Kent Road Car
I’ve been in the box these past 40 years. Only came out with the Great Declutter. ‘Hey, Car!’ Curtis exclaimed. ‘I’d almost forgotten all about you.’ For one heady moment, he thought I might be worth something. But I go with the rest of the box and if that’s not in mint condition, I’m worthless. So I’ll end up in a charity shop. Oh, well. At least I get to drive round London again.
That’s me at the top, bowling along the Old Kent Road. Without a driver. Cool, eh? Some of you no doubt recognise me. The name’s Car. Monopoly Car. In later versions they gave me a driver – someone must have told them driverless cars were impossible. Hah! Just goes to show what a pioneer I was.
Those rainy Welsh Sunday afternoons. Not a lot to do but play Monopoly. Curtis always chose me. ‘This time we’re going to win, Car,’ he’d say. But we never did. Unlucky, I guess. And it happens right at the start. Land on the right spot, come into some cash, and you’re away. The Matthew effect. The rich get richer, the poor get poorer. But we never did land on the right spot. ‘It’s so unfair!’ I wailed, which just made everyone laugh. ‘Better get used to it,’ they said. The Old Kent Road was practically the only street Curtis ever bought. The cheapest on the board. £60. In the end he grew fond of it.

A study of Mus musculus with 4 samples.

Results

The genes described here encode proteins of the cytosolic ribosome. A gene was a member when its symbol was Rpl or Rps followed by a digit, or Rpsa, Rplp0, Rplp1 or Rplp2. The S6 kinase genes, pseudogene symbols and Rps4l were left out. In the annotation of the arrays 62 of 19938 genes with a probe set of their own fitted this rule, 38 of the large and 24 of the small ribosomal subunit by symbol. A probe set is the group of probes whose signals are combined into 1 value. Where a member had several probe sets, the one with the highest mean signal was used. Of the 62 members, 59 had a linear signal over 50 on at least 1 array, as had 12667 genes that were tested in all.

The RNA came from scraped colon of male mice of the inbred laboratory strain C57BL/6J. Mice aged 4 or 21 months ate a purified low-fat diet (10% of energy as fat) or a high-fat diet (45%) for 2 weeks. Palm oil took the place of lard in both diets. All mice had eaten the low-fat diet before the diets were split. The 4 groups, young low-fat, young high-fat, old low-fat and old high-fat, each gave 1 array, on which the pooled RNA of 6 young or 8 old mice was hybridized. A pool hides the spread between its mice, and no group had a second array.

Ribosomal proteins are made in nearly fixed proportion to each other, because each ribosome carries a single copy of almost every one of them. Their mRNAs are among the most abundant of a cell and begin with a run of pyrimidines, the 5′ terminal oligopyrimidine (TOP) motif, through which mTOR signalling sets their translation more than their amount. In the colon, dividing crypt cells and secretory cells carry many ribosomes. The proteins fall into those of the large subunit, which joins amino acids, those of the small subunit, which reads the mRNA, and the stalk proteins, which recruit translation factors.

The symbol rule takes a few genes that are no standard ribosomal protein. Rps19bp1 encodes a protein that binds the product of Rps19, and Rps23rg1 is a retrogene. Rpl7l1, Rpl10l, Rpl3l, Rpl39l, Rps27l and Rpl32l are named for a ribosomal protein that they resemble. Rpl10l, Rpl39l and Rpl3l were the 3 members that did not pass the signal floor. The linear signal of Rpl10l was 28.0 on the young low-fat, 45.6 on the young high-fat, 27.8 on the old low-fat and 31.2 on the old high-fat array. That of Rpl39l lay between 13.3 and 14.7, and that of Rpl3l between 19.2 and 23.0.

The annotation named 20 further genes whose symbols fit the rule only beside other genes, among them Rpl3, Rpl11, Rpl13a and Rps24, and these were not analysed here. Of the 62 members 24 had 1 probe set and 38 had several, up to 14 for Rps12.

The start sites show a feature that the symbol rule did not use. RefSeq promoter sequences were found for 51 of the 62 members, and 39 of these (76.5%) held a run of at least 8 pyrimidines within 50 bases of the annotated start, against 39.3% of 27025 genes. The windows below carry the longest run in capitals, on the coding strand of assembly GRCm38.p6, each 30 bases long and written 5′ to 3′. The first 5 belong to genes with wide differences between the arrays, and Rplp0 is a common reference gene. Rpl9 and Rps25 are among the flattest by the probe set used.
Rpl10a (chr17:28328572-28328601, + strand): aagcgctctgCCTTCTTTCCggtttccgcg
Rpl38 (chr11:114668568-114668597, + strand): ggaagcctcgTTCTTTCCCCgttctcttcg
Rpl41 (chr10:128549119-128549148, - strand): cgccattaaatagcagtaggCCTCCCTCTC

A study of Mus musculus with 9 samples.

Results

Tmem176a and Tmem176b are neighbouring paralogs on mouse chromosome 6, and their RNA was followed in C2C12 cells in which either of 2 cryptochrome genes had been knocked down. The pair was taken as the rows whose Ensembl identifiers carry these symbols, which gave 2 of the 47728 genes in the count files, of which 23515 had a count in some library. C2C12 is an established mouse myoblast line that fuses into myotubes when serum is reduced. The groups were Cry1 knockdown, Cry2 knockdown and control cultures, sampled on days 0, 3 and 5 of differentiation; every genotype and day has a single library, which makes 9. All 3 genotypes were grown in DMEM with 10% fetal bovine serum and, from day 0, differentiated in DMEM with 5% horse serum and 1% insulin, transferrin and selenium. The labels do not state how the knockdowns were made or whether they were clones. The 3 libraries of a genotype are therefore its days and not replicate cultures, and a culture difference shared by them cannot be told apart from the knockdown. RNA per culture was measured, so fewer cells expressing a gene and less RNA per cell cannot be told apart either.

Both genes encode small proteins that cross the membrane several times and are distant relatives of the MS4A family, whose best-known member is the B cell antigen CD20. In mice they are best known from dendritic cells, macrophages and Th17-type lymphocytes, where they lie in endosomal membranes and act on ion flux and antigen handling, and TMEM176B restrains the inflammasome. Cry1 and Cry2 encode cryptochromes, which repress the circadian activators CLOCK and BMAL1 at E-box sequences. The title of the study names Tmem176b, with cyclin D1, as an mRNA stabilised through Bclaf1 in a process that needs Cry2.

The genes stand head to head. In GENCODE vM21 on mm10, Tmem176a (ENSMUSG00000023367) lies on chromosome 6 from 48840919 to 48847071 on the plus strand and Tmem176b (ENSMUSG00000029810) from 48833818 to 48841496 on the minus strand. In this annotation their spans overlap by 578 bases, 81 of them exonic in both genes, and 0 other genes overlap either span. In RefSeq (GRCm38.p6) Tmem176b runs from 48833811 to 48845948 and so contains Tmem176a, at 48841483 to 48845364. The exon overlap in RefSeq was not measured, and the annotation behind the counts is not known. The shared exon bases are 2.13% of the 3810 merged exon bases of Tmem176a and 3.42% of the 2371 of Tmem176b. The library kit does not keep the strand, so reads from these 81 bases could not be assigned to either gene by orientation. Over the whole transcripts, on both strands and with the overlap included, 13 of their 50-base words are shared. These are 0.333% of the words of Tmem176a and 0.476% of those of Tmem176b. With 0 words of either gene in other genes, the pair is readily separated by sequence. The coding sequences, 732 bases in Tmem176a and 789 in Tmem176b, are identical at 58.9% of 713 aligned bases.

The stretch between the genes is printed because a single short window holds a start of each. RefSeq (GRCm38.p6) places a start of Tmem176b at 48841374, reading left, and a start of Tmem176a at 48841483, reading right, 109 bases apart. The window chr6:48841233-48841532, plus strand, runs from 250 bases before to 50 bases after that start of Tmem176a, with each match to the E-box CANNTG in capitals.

His sister always had Ship. ‘How can you sail round London in a ship?’ I said. ‘That’s just silly.’ But then I’d land on Mayfair, where she had a string of swanky hotels. ‘Ha, ha! Bankrupt!’ she shrieked. ‘Who’s the silly one now?’
Curtis was a terrible loser, according to her. He’d get in a temper, say it was a stupid game anyway, and tip the whole board off the table. Utter poppycock, of course. Curtis, a bad loser? Never! Though I have to say it’s so long ago now, and my carburetor’s not what it used to be.
Ship and I had our spats in the past, but we’ve made up now. The other day we even met up with Iron and Thimble in Piccadilly. Had a good natter about old times and how much London has changed. ‘So cosmopolitan,’ said Iron. ‘So vibrant! And the pavements freshly ironed!’
‘Not in the Old Kent Road,’ I said. ‘Compared to Mayfair it’s as down at heel as ever. I think he was perfectly tight.’
‘I’m sorry,’ said Thimble. ‘I’m losing the thread. Who was right?’
‘Curtis. Upsetting the whole board. I think we need to rip up the rule book. Start all over again.’
‘But if we change the rules, it wouldn’t be the same game any more,’ said Ship.
I gave them my most solemn stare. ‘Precisely.’